Should we aim for making setup of syncthing so easy, that non-geek family member could setup a shared folder?
That’d be fantastic. I (and many geeks with me) probably don’t have what it takes to accomplish that. And of course, given that it doesn’t compromise the security goals etc.
Crazy idea #1: both sides push the space bar at the same time and are then shown a word or words. If they both get the same word, they are done!
I could imagine something like that. Or, one side generates a random word passphrase. The other side enters the same passphrase. Technically,
- Alice’s syncthing generates a random phrase “correct horse battery staple”, and saves it.
- Alice’s syncthing announces the temporary ID
hash("correct horse battery staple")to the announce server
- Alice tells Bob “correct horse battery staple” over the phone.
- Bob enters the phrase into his side, and syncthing calculates the hash as above to get the temporary ID.
- Bob’s syncthing looks up the temporary ID, connects to Alice’s syncthing, and presents the correct passphrase.
- Alice’s syncthing disposes of the now used random token.
Time limits for the token etc to be added as appropriate.
That sounds like i could guide my grandpa through the installation over the phone!
Maybe, there are not even words but pictogramms or small pictures…
Is that all it takes to attract the elder generation?
If we take a look at the actions someone has to do for the setup:
- install (SyncTrazor or Syncthing-gtk)
- make sure it starts at startup (same as above)
- connect Syncthing to the internet (Firewalls etc., maybe UDP ?)
- connect devices (I imagine it to be similar to bump)
- find folders on disk and give a name
For the inexperienced user, maybe activation of the versioning would be good. (even only 30 days might help)
When considering this list, i could talk my family members through the setup, also the setting up folder, because this is always within Syncthing. I can do the same at my pc and see where they are stuck. Really difficult is only, because its different on every router, connecting syncthing to the internet.
Some kind of firewall helper for the setup would help a lot: where exactly is syncthing failing. But for grandparents even easier would be for it not to fail at all (I think you have a udp solution on github for that)
Using the Web-GUI to create the config file might be scaring off some new users, and frustrating others who don’t achieve a “sync” on their 1st attempt. Lots of steps, and so easy to miss one or more of them.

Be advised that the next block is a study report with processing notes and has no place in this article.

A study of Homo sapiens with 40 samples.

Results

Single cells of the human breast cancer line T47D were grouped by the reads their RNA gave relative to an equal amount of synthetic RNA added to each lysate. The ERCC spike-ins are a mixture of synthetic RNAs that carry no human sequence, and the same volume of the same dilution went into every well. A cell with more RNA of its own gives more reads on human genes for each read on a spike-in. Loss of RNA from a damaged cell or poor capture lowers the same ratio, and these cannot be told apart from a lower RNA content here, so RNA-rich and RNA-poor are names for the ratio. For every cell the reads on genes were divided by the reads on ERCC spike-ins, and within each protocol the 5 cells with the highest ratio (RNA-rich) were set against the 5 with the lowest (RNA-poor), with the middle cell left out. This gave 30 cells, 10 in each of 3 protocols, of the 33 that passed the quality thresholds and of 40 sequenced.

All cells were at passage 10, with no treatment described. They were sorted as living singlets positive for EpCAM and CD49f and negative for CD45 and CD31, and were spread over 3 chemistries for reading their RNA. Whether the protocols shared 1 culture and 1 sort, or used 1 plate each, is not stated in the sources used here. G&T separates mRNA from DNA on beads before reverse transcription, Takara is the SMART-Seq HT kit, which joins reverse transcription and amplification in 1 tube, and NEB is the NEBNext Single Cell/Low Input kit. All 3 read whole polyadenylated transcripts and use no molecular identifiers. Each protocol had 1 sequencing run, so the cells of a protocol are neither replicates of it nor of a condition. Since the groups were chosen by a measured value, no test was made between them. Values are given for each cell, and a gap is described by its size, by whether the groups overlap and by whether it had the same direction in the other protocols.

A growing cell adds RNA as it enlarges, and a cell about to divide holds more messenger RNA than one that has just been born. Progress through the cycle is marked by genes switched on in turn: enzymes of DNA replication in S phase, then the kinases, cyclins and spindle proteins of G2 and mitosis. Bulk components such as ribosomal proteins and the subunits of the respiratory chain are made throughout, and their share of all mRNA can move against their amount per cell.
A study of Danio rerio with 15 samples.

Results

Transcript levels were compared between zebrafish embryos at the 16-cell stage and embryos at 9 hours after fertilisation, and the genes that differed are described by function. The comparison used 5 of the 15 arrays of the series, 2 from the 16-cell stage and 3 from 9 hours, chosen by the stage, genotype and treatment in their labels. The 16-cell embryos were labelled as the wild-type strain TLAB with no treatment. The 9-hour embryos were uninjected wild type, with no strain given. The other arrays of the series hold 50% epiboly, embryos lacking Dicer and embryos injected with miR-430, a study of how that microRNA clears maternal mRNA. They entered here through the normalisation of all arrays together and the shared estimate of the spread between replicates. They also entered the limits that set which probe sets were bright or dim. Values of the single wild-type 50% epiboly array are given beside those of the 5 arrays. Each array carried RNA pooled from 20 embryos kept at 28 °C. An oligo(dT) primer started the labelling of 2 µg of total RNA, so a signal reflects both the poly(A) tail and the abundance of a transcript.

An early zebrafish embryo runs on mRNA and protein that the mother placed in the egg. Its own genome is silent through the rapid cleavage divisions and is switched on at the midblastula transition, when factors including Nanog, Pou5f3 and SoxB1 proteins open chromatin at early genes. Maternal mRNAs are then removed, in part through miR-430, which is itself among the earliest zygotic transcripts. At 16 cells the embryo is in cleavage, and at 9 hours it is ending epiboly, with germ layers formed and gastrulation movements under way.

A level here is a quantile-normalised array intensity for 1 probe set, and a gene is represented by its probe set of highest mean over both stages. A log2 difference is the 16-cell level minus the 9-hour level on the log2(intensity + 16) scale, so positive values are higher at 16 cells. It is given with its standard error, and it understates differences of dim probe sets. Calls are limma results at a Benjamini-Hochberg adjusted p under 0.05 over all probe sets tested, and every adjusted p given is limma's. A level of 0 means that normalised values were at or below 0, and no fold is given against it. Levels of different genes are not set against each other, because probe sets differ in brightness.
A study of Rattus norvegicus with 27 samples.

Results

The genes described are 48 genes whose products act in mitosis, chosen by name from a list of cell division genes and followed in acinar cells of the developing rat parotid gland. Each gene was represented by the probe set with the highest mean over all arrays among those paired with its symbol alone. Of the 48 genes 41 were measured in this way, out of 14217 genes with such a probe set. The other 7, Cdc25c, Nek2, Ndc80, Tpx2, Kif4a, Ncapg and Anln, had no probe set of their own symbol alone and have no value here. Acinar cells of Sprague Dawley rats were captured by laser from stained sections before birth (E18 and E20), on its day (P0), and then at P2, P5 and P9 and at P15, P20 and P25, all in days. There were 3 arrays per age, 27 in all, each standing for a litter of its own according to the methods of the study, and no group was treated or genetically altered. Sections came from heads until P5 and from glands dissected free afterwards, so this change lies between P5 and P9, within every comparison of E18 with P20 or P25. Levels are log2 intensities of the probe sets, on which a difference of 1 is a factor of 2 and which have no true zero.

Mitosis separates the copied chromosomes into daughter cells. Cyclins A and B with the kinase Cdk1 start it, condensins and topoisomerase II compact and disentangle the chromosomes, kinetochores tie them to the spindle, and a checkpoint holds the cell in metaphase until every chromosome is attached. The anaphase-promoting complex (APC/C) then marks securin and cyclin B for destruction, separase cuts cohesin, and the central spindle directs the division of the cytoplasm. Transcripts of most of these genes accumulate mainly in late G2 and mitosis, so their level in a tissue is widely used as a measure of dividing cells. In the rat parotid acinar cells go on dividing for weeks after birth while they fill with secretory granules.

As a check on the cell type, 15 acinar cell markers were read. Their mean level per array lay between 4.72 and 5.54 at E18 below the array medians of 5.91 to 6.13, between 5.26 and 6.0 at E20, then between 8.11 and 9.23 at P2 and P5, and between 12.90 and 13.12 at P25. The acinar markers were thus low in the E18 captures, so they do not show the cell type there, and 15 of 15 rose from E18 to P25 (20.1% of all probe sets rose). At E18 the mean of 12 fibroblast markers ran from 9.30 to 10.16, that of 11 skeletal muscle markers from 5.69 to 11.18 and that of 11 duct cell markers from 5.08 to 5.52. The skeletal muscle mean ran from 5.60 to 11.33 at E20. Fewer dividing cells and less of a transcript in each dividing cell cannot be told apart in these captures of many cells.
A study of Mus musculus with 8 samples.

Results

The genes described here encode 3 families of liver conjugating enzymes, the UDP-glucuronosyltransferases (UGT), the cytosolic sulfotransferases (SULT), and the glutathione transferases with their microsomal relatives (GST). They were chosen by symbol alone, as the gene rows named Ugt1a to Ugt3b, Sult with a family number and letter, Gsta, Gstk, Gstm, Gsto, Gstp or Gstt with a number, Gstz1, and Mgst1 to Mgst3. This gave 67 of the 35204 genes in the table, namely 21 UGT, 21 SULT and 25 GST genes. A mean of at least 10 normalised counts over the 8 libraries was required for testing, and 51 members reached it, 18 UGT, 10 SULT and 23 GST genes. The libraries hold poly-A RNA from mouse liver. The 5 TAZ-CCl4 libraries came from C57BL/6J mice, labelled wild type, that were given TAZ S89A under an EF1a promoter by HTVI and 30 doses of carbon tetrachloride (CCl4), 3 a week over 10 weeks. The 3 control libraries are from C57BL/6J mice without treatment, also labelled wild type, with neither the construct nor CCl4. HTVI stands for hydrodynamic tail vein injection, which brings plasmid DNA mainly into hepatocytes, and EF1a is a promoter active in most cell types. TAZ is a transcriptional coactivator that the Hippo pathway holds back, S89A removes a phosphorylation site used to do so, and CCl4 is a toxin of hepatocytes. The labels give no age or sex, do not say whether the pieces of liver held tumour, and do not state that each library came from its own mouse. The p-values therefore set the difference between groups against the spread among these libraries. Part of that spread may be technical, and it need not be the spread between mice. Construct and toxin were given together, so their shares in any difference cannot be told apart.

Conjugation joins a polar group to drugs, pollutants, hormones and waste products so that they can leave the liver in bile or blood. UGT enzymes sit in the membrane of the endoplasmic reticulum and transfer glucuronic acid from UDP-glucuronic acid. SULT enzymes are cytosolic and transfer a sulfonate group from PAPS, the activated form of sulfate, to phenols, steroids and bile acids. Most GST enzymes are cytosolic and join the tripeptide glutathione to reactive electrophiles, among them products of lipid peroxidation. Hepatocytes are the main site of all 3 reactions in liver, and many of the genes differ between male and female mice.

While simplification is desirable, I wouldn’t surrender security to achieve it
One alternative might be the creation of an optional Installation Wizard that guides the user step-by-step as described by @bigbear2nd. No required steps missed, and sequenced correctly. Sits beside the open ST executable, creates/edits the config, and manages the ST restarts as required.
Any interested UX experts out there please jump in, - I will assist in whatever non-coding capacity I can.
Definitely agree that default versioning = on is a good idea to prevent new users from losing data.
Hi, I just installed syncthing for the first time an hour ago. I am not a grandparent, but I behave like one : I like simple software that just works with a good GUI and integrates well with my Windows OS.
The very first thing you should do is change the home webpage : it currently brings forward the CLI+web interface which is the worst possible version any grandparent would want.
You should bring the GUI+OS_integration versions forward like SyncTrazor and rename it to “Syncthing-for-Windows” / “Syncthing-for-Mac” etc…
Perhaps you should also have the webpage detect the user’s OS and automatically bring forward the correct version (like Mozilla’s “get Firefox” homepage for example)
When setting up my first synchronized folder, I was stunned I had to type the folder’s location in full letters : there was no “Browse” button. Os integration by simply right-clicking a folder in windows’s file browser -> sync this folder with SyncThing would be nice too.
There are lots of other things I noticed as a “grandparent-style”, features that I think would be nice, and usage I wish I could do but do not seem to be available yet. Perhaps I should write a full article in the “usage” section of this forum.